General Hobby – Tutorial – Making urban bases from scratch

Since I painted my Ariadna army for N3 back in December, I’ve gotten a lot of comments and questions on their basing scheme.

Ariadna Line Kazaks with homemade Urban bases
While the process is pretty easy to describe, it’s a lot easier to show. Having picked up some additions to my Ariadna force, I took the opportunity to whip up a quick tutorial on making these bases.

What you will need:

– 1-2mm Plasticard
– A hobby knife with a fresh, sharp blade
– Scissors
– Polystyrene cement. I like Tamiya brush-on
– Texture paint (I used Citadel Stirland Mud)
– Whatever bases you wish to texture
– Pin Vice
– Super Glue
– Paperclip
– Sidecutters

Step 1

Cut plasticard squares

Using your scissors, cut some plasticard squares roughly the right size of the base you’re looking to cover.

Step 2 

Create sections of plasticard

Using your craft knife, cut your card into interesting shapes, dividing them to create spaces between the concrete ‘plates’. The shapes you’re making can be incomplete as well, using the surface of the base like a ‘step down’. Glue them to the bases, leaving appropriate gaps.

Step 3

Trim thin strips off of your additional card.

Using your knife again, trim thin strips of plasticard from your main sheet. You can make these as wide or thin as you want and you can use them to create curbs, ledges and additional surface detail (such as hazard bars, parking stops, etc). Trim them to the length you want after you cut them.

Step 4

Add surface details

The surface details can follow the gaps or additional raised areas. Making them different on each base will help each model have a unique look. Make sure you let everything dry really well after this stage, because you will be trimming and weathering and you want to give everything a chance to set and allow the cement to weld all the pieces together.

Step 5

Trim the excess card

Using your hobby knife, trim carefully around the base. You can use the curvature of the base as a guide (it may be easier to hold the base upside down while you do so). Go slowly as you may accidentally find yourself trimming the base if you cut too deep. You can roughly cut it down on your first pass and go back more carefully to trim it round afterwards.

Step 6

Weather and chip the concrete surface.

Once trimmed you can use your knife to weather the surface. Gouge by twisting the knife tip to make craters. Cut dents and breaks in the surface detail to give the plasticard a more realistic damaged look.

Step 7

Add rubble and debris with textured paint

Textured paint (or glue and sand) can be used to make rubble and dirt piles. This will give some additional detailing and keep the bases from looking too flat and bare. Even the cleanest city streets have junk piles.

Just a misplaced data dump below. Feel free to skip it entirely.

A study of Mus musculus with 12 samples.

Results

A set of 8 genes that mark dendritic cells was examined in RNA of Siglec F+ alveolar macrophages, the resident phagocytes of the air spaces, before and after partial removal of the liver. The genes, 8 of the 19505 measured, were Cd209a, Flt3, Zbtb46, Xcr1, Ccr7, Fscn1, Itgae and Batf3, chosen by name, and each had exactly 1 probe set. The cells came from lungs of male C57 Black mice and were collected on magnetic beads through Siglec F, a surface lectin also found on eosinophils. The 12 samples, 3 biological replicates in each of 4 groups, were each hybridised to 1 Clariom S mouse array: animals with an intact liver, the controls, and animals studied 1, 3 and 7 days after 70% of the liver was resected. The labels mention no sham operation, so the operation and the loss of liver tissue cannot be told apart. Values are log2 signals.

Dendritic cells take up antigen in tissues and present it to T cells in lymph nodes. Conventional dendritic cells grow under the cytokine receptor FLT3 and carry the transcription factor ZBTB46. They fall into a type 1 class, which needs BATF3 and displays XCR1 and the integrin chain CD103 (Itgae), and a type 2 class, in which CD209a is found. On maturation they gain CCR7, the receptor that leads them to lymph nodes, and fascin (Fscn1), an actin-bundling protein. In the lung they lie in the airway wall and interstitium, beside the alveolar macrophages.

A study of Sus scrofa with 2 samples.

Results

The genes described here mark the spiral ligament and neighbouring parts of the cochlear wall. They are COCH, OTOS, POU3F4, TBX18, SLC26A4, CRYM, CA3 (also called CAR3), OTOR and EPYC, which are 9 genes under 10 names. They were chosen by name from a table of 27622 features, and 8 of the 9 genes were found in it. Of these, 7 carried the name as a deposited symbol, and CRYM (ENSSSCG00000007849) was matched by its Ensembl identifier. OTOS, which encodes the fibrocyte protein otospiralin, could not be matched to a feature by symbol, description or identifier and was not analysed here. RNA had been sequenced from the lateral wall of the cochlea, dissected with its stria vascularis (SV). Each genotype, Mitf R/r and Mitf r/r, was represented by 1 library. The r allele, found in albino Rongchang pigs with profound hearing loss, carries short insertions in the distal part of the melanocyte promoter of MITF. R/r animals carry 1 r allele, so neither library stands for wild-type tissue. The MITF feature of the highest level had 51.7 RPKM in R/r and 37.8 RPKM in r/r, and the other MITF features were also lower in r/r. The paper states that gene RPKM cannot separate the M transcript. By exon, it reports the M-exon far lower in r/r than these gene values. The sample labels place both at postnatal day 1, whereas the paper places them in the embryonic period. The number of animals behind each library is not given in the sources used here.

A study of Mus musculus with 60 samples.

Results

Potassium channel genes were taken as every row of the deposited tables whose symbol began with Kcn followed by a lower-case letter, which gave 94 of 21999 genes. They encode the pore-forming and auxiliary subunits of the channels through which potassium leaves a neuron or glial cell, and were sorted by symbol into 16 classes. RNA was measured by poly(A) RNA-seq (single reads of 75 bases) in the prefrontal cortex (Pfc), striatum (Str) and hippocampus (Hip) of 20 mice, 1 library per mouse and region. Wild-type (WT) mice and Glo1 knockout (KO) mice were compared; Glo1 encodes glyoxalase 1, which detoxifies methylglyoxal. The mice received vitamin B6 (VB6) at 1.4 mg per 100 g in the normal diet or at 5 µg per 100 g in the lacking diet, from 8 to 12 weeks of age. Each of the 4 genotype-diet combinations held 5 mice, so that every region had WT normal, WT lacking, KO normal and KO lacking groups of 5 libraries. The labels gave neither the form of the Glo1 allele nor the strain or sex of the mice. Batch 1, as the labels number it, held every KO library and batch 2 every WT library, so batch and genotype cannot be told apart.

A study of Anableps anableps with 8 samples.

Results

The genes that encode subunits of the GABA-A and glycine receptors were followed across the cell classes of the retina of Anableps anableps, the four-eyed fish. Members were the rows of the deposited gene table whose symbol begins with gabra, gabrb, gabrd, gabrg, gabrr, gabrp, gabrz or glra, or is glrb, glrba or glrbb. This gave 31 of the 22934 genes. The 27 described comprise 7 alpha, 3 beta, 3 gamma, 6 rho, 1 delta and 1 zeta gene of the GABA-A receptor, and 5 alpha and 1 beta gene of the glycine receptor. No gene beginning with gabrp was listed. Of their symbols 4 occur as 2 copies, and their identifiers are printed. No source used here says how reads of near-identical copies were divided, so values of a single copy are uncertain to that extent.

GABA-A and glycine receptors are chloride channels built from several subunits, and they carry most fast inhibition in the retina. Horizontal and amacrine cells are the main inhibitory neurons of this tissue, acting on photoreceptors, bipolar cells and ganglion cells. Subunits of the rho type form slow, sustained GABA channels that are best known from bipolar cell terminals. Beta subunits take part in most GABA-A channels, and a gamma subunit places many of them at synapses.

Step 8

Clean and mount your model

Now remove the base-tab from your miniature (if it has one) and use your pin-vice, paperclip, superglue and sidecutters to mount your model on the base. Drill a hole in the meatiest foot the model has, through the base and mount it. For additional strength, use an ‘L’ shaped paperclip, gluing it first through the bottom so the lower part of the ‘L’ is affixed with superglue to the bottom. This will provide additional strength to the pinning.

Step 9

All done!

Once your figures are securely mounted and affixed to your new custom bases, get ready to prime and paint them!

Hope this was clear enough and lets you guys replicate what I did. Keep an eye on my Facebook page next week to see these guys painted. 🙂

You’ve got lots of additional options if you decide to pick up textured plasticard. You can get it with brick patterns, hex patterns and all manner of additional shapes and patterns.

Go nuts and see what you can whip up!

-ASH


5 Responses to “General Hobby – Tutorial – Making urban bases from scratch”

  1. Great tutorial! One thing I always struggle with is the painting side of the base – what sort of colours did you do yours?

    • I like to start with a brown base coat, light brown for concrete… Dark grey/brown for asphalt. In this case it was Citadel Baneblade brown, blended up to Mechanicus Standard Grey, wet stippled with 50/50 Mechanicus Standard and Dawnstone. The rubble was left brown and a light drybrush of Ushabti Bone over them and the leading edges finishes off the bases.

      Hope that helped!

  2. It certainly did, thanks! 🙂

  3. Awesome tutorial! Can’t wait to try this out.

    I didn’t even realize you had a blog—you should give it more of a shoutout on your youtube channel.